In terms of individuality and specificity of the process the eruption of teeth can differ from one baby to another depending on personal peculiarity. There are however some general teething symptoms that have an average occurrence rate and that tend to affect around 80% of infants. Starting with the third month of age, teeth can become a real problem for both parents and children, and there are clear signs that announce their eruption.
First of all, the child's tendency to put every object into his or her mouth is among the most common of the teething symptoms. When chewing at an object, the pressure in the gums will be alleviated soothing the child and reducing discomfort; in order to make sure that the infant does not chew all sorts of objects around the house, you can provide him or her with a rubber chewing ring for instance.
Both parents and doctors often disagree when it comes to the teething symptoms, and these differences of opinion are generated by the fact that the so-called symptoms may drastically vary from child to child. Irritability is often associated with the increasingly sore gums as the teeth are ready to break through the skin. Every child reacts in a particular way to the experience: he or she may learn to live with the discomfort, or be irritated every time a tooth erupts.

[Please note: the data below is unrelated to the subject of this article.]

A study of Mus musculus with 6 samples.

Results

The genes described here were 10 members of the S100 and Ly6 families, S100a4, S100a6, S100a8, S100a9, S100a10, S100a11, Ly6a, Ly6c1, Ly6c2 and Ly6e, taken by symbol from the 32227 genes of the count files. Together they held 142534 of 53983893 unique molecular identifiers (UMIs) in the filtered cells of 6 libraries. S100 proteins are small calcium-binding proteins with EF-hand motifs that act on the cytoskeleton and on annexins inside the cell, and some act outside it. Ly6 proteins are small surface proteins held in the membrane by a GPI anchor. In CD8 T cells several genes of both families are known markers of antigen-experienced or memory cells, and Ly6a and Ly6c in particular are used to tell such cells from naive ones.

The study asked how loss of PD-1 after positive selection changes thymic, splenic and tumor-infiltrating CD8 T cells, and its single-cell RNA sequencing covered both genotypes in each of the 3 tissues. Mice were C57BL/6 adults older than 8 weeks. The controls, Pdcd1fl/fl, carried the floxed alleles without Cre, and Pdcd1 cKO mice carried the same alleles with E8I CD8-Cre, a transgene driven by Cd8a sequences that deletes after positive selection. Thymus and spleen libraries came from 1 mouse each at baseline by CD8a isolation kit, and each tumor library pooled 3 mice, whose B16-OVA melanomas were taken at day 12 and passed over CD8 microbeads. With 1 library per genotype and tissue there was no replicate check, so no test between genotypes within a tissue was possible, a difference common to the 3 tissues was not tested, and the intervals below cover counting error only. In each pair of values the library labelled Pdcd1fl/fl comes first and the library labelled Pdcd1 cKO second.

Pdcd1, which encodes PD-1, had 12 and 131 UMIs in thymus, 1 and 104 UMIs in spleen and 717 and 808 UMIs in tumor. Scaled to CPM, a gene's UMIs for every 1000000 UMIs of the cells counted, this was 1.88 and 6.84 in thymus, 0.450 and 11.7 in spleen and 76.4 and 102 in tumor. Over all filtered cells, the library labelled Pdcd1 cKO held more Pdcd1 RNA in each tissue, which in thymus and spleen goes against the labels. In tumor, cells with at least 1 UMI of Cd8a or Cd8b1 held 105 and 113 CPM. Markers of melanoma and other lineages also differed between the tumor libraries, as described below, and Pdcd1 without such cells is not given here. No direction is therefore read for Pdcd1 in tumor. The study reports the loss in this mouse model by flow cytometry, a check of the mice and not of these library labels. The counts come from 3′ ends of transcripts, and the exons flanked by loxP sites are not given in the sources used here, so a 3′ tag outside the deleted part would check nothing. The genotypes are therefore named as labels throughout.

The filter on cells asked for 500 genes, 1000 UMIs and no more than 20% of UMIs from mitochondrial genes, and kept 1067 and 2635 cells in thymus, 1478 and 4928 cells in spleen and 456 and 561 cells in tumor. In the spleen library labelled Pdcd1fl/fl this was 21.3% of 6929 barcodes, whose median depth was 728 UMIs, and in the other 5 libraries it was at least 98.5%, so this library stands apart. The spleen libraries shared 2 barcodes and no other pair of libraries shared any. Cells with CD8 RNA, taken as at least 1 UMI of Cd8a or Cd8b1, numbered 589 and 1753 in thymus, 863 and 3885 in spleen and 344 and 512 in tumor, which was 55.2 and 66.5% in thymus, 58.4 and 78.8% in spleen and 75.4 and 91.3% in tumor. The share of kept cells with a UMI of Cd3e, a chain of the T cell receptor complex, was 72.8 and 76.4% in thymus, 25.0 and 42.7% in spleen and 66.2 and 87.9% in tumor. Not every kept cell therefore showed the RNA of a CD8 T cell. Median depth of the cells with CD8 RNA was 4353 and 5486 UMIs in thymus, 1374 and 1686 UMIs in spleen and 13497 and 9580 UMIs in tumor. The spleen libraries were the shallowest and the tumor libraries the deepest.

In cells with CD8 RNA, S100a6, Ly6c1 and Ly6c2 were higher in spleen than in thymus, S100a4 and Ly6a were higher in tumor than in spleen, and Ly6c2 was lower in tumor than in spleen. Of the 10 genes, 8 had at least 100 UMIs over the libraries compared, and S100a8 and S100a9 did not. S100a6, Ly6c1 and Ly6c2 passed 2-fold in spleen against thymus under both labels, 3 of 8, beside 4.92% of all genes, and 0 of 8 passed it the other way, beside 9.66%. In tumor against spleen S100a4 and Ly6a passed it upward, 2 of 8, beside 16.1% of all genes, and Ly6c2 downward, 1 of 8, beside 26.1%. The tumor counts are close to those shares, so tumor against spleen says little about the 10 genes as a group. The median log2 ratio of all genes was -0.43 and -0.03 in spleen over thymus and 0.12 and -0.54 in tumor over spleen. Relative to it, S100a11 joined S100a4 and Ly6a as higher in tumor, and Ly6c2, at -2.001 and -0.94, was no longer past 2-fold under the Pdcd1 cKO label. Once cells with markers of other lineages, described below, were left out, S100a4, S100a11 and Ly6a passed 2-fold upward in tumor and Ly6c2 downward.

Starting with three or four months of age the baby may start drooling more than usual; teething and drooling are closely connected, so this is a clear sign that the infant is going to have his or her first tooth. Cough is another of the teething symptoms associated with drooling, as many children will gag and cough because of the extra saliva. Unless there are other signs to indicate a cold or flu, there is no reason to worry about.
It is this same drooling that may lead to the appearance of rashes in the mouth area, as the skin is kept constantly wet. Wiping the chin and the mouth several times a day will help, with the mention that you need to do this very gently so as not to irritate the skin even further. You may notice cheek rubbing or ear pulling as other teething symptoms; such manifestations are frequent when the molars erupt and some of the pain may travel to the cheeks and the ears. You will notice that the child will get back to normal as soon as the molars break through the gums.